Have You Tried Loud Thunder?


Renovations, repairs and improvements have been underway at Loud Thunder, the largest of Rock Island County’s Forest Preserves. This almost 1500-acre property offers fishing both in the 167 acres of man-made Lake George and the Mississippi River which borders one of the campgrounds. In the lake, you can catch bullheads, redears, pumpkinseeds, walleyes, crappies, large- and smallmouth bass, muskies, northern pike, perch, rock bass, warmouths, catfish, bream and bluegills. In the Mississippi and the backwaters off the campground, you will find all of the typical midwestern river fish.

Whether you want to actively baitcast, watch a bobber, troll, bottom fish or fly fish, Loud Thunder has a time a fish and a place for you. Boats on the lake are limited to electric motors, and from Memorial Day through Labor Day weekends, boat/canoe rentals are available. There are boat ramps and docks on both the lake and the Mississippi River. Incidentally, Andalusia backwaters have long been known as really good fishing for a number of species of river fish.

Located off Illinois Route 92, this rural and scenic Forest Preserve is part of the the Illinois Great River Road National Scenic Byway.

The really nice thing about planning a Loud Thunder week or weekend is that, even when the Mississippi is at high flood stage, the great fishing in Lake George is still available. The riverside campground might be closed for flooding, but there will be places to camp around the lake, so you don’t have to cancel your plans due to high water.

Keep in mind, though, that many fish have their seasons; for instance, your best chances for muskies are in the spring and fall, off points and in the bays. Bass will be most aggressive in these same areas in May and June, and the best time for channel cats here will be in summer, in the shallows and at the dam.

Lake George has an irregular shape, with two large fingers off the main body and lots of little fingers all around its more than six-mile shoreline. The banks can be steep in places. The average water depth is a little over 21 feet, with a maximum depth of about 55 feet. Limited snacks and some essentials, along with some baits, are available at the Park Office during the same period. The Park is open from April 1 to October 31.

This summer promises to be a premier fishing year on Lake George. During 2018-19, the lake was drastically drawn down to make repairs to both the dam and the spillway. As a result, years of overgrown water vegetation died out along and below the waterline. It also forced all of the fish into a very limited amount of water. There was a lot of predation, eliminating the small mature fish and less viable fry. Not only are the big fish fatter, but having fed so easily for parts of 2018 and 2019, with the return to normal levels, they are having to hunt harder and are more aggressive. The lake was back to normal levels in late summer of last year, so there was plenty of oxygenated water for the winter population. All reports from the ice fishing season were that the panfish were large and hungry.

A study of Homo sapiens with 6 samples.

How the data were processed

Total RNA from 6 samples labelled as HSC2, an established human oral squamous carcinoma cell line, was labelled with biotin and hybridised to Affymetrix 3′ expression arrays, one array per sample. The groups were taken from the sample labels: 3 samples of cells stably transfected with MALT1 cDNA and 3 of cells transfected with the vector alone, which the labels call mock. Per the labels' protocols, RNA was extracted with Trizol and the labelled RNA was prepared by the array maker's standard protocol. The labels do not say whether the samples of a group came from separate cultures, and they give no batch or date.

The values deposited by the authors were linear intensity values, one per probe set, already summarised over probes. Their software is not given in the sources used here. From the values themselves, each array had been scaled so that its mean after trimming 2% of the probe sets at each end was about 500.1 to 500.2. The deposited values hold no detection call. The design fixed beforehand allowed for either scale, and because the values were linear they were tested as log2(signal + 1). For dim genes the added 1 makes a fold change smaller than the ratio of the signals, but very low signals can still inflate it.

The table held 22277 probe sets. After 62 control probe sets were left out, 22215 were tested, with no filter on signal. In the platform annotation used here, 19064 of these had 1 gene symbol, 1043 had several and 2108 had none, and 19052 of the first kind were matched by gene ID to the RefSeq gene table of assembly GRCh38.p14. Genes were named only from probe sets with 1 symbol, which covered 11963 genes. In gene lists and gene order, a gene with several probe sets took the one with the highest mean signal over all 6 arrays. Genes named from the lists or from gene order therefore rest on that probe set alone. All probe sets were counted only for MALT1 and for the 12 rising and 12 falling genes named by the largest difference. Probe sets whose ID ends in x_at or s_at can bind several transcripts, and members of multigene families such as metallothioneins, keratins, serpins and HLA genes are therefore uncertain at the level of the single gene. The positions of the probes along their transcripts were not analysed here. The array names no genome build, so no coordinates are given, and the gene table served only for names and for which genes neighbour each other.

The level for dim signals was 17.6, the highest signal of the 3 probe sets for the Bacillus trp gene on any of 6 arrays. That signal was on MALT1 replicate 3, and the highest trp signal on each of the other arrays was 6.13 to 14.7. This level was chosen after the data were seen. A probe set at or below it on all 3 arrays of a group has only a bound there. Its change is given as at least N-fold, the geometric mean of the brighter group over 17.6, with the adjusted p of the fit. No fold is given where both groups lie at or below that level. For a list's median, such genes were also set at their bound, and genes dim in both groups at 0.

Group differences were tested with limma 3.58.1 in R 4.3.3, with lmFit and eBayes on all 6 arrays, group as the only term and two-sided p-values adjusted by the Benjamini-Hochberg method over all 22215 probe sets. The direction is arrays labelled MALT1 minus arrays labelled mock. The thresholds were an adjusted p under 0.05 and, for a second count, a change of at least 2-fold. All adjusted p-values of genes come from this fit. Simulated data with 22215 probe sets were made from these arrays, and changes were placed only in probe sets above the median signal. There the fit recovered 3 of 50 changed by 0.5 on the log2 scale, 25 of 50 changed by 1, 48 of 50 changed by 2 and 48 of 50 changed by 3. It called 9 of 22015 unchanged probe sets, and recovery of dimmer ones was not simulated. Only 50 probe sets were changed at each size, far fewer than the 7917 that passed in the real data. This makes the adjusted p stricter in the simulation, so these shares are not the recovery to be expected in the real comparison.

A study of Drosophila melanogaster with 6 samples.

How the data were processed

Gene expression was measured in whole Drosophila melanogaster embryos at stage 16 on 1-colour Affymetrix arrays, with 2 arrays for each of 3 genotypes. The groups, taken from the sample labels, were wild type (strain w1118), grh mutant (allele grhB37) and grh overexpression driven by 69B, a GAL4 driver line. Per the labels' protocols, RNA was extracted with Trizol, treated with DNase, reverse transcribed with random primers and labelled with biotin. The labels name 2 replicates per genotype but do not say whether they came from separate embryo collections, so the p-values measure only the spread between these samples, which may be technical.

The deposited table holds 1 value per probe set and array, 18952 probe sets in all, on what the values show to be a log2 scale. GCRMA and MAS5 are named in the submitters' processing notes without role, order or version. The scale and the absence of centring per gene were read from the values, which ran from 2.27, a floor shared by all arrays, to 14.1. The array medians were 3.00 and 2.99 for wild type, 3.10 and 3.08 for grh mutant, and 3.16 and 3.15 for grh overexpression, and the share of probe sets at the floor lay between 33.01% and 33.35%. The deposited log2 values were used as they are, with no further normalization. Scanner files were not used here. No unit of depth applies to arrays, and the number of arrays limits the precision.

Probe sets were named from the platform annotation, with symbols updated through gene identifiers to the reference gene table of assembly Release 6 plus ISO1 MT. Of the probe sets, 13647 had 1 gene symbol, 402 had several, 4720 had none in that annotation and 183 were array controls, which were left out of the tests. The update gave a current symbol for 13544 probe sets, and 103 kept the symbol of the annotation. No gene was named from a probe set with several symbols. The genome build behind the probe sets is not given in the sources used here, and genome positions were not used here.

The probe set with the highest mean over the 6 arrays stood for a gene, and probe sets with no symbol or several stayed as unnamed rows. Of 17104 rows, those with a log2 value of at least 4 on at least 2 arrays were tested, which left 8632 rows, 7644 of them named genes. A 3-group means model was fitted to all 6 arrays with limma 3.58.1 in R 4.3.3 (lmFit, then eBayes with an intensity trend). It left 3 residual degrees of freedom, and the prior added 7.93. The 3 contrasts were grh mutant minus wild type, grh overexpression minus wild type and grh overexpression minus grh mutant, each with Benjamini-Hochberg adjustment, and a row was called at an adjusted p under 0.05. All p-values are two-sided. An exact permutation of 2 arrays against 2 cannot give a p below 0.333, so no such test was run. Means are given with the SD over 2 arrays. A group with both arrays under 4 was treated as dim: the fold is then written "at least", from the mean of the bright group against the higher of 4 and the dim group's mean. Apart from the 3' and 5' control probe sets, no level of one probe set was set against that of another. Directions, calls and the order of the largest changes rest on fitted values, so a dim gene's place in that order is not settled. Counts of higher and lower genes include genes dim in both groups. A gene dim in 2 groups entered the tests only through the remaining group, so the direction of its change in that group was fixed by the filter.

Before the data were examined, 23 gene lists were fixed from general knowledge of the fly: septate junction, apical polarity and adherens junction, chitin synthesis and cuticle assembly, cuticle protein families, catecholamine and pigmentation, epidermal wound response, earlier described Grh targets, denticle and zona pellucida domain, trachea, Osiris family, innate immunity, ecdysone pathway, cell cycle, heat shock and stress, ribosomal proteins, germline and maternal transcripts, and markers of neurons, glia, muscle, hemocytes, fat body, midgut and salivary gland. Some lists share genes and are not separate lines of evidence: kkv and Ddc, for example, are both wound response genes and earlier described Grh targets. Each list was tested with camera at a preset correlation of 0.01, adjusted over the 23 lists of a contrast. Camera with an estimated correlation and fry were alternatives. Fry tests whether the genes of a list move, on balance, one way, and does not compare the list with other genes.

To be honest, I have never caught either a muskie or northern at Lake George, but I have never really actively fished for them. My tackle box is fitted for the more common species of midwestern river and small lake fish, so that is what I fish for and catch.

While the dam end of the lake usually has a number of boats, especially on weekends, for the fisherman who wants to do some quiet angling there are lots of very secluded bays where you can take panfish, catfish and an occasional bass, and never see another boat all afternoon. For a better idea of the type of fishing available in this lake, search Lake George, Andalusia, Illinois or Loud Thunder, Andalusia, Illinois.

For those who want to camp and fish, there are five campgrounds and a sixth under construction. The campground along the river has full service, limited service and tent sites with a shower house. Some of the other campgrounds offer camping for RVs and tents, but they have only water available on site and pit toilets with no showers. There is also an equestrian campground on site with limited services. When the construction on the new campground is complete, there will be more and improved equestrian services included.


When it opens, the new Deere Haven RV Park will offer 35 pull-through sites, a dozen or more back-in sites, all with full services. There is a large playground in Loud Thunder and it is expected that the new ADA playground will open the summer of 2020.

Andalusia is about 20 to 25 minutes out of the Quad Cities, but there is overnight lodging nearer to the park. Andalusia is just five minutes away, and while it is a small town, you can get some supplies there.

Loud Thunder offers a number of unique experiences, including both lake and river fishing, camping in full service social settings and more quiet, primitive sites for RVs as well as tents. This is one of the few equestrian campgrounds in this part of the Midwest and it is also part of the renovation and improvements ongoing at the park. During winter, the trails are ideal for snowshoeing and cross-country skiing, but to the best of my knowledge, they are not open to snowmobiles.

If you are looking for a new place to fish, hike, bike or just relax for a week or a weekend, you really should think seriously about Loud Thunder.



For more information…

call 309-795-1040 during daytime hours.